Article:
Weekly Standard | Wednesday, March 22, 2006

When a Jeep Grand Cherokee Laredo surged onto the campus hub known as the Pit around noon on March 3, University of North Carolina at Chapel Hill students suddenly had far more to think about than the upcoming basketball game against Duke University. The driver, Mohammed Reza Taheri-azar, had been planning this moment for two months. His checklist: rent a four-wheel drive vehicle so he could "run things over and keep going," pick a time and place to inflict maximum damage (lunchtime at the teeming Pit), prepare two cans of pepper spray and a five-inch folding knife in case he got trapped, and finally, run over UNC students.

The Iranian-born Taheri-azar managed to hit nine people with his SUV. Fortunately, he didn't succeed in seriously injuring any of them. After fleeing the scene, Taheri-azar made the peculiar decision to call 911, tell the dispatcher his precise location, and wait for police to arrest him. He told the 911 dispatcher that his actions were designed to "punish the government of the United States for [its] actions around the world," and further intimated to police that the United States was "killing his people across the sea." Taheri-azar continued to elaborate on his apparent Islamist motivations during his arraignment the following Monday, telling the judge that he was "thankful you are going to hear this trial to learn more about the will of Allah, the creator." Yet Taheri-azar does not face terrorism-related charges.

To be sure, this is not a clear-cut case of terrorism. Despite Taheri-azar's own words, there are some questions about his motivations. For a start, it seems strange that a dedicated jihadist would call 911 to turn himself in. And Taheri-azar's background doesn't fit the standard jihadist profile. He was reportedly kicked out of his fraternity for being "a recluse and antisocial," and one of his erstwhile fraternity brothers described him as a heavy drinker who was "almost always high."

Regardless of Taheri-Azar's ture motive, this case points to a real legal problem: Even if his statements trumpeting jihadist motivations are true, authorities can neither charge him with a terrorist offense, nor seek a sentencing enhancement based on his terrorist motives. This points to a significant blind spot in dealing with terrorism in the United States.

Taheri-azar is being prosecuted in state court, and North Carolina doesn't have an applicable terrorism offense that can be brought to bear against him. The state only has two statutory provisions dealing with terrorist incidents. One bans weapons of mass destruction, while the other amends the murder offense. The amendment to the murder offense doesn't apply here--not only because Taheri-azar didn't murder anybody, but also because it only applies when the murder was performed with a nuclear, biological, or chemical weapon.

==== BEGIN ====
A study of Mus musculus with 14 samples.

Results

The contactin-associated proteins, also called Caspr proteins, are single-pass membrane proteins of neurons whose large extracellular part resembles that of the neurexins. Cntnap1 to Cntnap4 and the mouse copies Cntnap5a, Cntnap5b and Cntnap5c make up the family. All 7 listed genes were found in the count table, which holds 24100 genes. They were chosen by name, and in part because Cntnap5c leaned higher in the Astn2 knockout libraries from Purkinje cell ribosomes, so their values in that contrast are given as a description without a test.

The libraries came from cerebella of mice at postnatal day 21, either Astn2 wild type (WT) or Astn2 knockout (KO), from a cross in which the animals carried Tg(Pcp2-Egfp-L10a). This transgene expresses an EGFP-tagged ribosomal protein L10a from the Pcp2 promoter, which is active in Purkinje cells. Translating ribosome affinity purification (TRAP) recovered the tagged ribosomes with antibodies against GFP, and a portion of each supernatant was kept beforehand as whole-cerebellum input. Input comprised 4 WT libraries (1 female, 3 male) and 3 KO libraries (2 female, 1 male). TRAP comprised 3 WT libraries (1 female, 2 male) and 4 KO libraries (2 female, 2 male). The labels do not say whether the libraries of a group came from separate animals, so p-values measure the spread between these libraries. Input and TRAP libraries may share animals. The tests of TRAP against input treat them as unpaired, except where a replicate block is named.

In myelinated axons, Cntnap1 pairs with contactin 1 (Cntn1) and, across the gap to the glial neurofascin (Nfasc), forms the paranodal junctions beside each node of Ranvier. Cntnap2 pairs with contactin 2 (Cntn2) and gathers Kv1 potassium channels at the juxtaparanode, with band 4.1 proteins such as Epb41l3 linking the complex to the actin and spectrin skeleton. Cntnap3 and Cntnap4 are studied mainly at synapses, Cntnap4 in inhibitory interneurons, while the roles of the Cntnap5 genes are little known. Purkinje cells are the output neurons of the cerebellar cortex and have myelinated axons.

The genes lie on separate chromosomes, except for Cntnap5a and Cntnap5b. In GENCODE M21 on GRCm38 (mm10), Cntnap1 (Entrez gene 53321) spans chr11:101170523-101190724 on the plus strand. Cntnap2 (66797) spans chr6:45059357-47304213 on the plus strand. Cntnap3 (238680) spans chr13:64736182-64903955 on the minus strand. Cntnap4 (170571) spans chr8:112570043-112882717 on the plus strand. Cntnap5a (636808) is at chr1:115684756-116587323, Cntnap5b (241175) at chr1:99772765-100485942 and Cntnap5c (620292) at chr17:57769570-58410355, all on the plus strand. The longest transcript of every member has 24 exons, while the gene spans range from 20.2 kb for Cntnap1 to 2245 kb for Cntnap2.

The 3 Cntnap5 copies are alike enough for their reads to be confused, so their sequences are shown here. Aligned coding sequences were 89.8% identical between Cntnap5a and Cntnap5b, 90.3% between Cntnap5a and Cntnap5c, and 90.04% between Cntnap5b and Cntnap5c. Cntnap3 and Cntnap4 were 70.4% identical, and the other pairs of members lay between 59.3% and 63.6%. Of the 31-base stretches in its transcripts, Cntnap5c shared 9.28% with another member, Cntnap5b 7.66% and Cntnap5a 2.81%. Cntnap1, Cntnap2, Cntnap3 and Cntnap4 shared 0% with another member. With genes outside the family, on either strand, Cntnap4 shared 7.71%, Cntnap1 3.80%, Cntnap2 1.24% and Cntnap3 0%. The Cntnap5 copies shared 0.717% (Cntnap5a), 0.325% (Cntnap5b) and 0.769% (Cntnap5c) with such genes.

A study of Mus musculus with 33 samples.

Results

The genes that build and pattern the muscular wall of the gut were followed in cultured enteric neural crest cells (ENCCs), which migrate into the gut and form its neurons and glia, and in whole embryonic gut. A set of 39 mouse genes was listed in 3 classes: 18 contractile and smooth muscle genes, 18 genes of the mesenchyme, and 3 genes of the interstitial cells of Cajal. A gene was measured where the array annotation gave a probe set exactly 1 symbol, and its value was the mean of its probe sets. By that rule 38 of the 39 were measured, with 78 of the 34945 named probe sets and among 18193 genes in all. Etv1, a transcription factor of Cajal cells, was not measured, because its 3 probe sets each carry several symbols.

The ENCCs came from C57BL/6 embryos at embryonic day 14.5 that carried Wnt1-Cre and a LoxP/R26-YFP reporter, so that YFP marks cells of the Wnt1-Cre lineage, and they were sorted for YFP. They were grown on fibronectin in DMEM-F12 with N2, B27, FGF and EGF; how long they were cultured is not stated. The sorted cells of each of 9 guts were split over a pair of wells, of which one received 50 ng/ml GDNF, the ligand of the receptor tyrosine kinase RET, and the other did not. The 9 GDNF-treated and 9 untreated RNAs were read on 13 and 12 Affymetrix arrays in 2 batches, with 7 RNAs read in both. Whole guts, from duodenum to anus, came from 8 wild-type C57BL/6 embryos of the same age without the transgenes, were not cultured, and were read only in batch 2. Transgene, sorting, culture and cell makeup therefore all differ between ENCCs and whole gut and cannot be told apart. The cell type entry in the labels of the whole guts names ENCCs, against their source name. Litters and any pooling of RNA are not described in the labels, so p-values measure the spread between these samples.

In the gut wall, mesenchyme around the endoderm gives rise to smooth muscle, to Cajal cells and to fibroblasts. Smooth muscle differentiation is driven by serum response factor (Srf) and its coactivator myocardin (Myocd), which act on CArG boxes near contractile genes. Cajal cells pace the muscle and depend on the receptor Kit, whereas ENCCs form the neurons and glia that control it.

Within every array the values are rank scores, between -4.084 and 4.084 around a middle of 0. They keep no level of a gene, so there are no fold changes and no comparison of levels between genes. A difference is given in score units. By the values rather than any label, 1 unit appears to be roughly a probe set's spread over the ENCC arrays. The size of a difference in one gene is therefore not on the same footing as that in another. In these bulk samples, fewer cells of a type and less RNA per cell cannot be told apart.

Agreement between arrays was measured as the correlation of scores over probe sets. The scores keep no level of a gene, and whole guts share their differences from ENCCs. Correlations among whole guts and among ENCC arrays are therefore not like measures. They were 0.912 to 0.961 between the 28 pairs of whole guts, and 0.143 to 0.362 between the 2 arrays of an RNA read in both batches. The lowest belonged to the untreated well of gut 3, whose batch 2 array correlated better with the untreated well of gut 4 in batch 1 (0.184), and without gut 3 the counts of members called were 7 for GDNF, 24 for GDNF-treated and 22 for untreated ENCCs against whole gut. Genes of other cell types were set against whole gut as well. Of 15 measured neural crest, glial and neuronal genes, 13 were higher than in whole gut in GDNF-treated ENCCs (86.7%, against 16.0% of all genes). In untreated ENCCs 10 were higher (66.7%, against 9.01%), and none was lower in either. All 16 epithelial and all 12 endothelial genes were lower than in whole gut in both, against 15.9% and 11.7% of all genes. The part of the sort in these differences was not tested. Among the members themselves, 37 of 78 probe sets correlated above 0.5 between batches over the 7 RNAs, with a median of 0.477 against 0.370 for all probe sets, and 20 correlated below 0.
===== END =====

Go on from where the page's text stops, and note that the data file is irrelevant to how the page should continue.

The federal sentencing guidelines do contain a sentencing enhancement in §3A1.4 for offenses intended to promote a federal crime of terrorism. In turn, 18 U.S.C. § 2232b(g)(5) sensibly defines the predicate intention for a federal crime of terrorism as actions "calculated to influence or affect the conduct of government by intimidation or coercion, or to retaliate against government conduct." While this provision may seem at first glance to apply to Taheri-azar, it doesn't provide federal courts with independent jurisdiction. Rather, the terrorist intentions must be coupled with an independent federal crime.

Quite simply, prosecutors would have trouble getting Taheri-azar into federal court because it appears that he committed no federal crime. The prosecution could argue that there was a federal civil rights violation because this was carried out on the basis of religion. But Taheri-azar didn't target his victims on the basis of their religion. He may have been motivated by religion, but federal civil rights laws really only come into play when the victim is targeted because of his religion. And Taheri-azar's SUV didn't discriminate between Muslim, Jew, Christian and Hindu. Federal hate crime laws seem inapplicable for the same reason.

Just as Islamic terror cells are becoming more decentralized and autonomous, we may see more lone-wolf terror attacks in the future. The United States already got a taste of this when Hesham Mohamed Hadayet killed two people and wounded four others on July 4, 2002 by opening fire on an El Al ticket counter at the Los Angeles airport.

There may not be federal jurisdiction over future lone-wolf terrorists who, perhaps like Taheri-azar, want to strike a blow against America but only violate state law in the process. Unfortunately, like North Carolina, many states don't have sufficient statutes dealing with terrorism. A chart produced by the American Prosecutors Research Institute shows that, as of October 2003, at least 22 states beyond North Carolina lacked statutes that could be applied to acts of lone-wolf terror.

Those with terrorist motivations are not like other criminals. Terrorist crimes are worse than other crimes because of their potential to disrupt society. Terrorists are making war on the United States, and prosecutors should have the statutory power to seek greater punishment for them. The various states should ensure that their statutes reflect the gravity of crimes designed to terrorize the population.

Daveed Gartenstein-Ross is a counterterrorism consultant and attorney. Jeff Panehal provided research assistance for this article.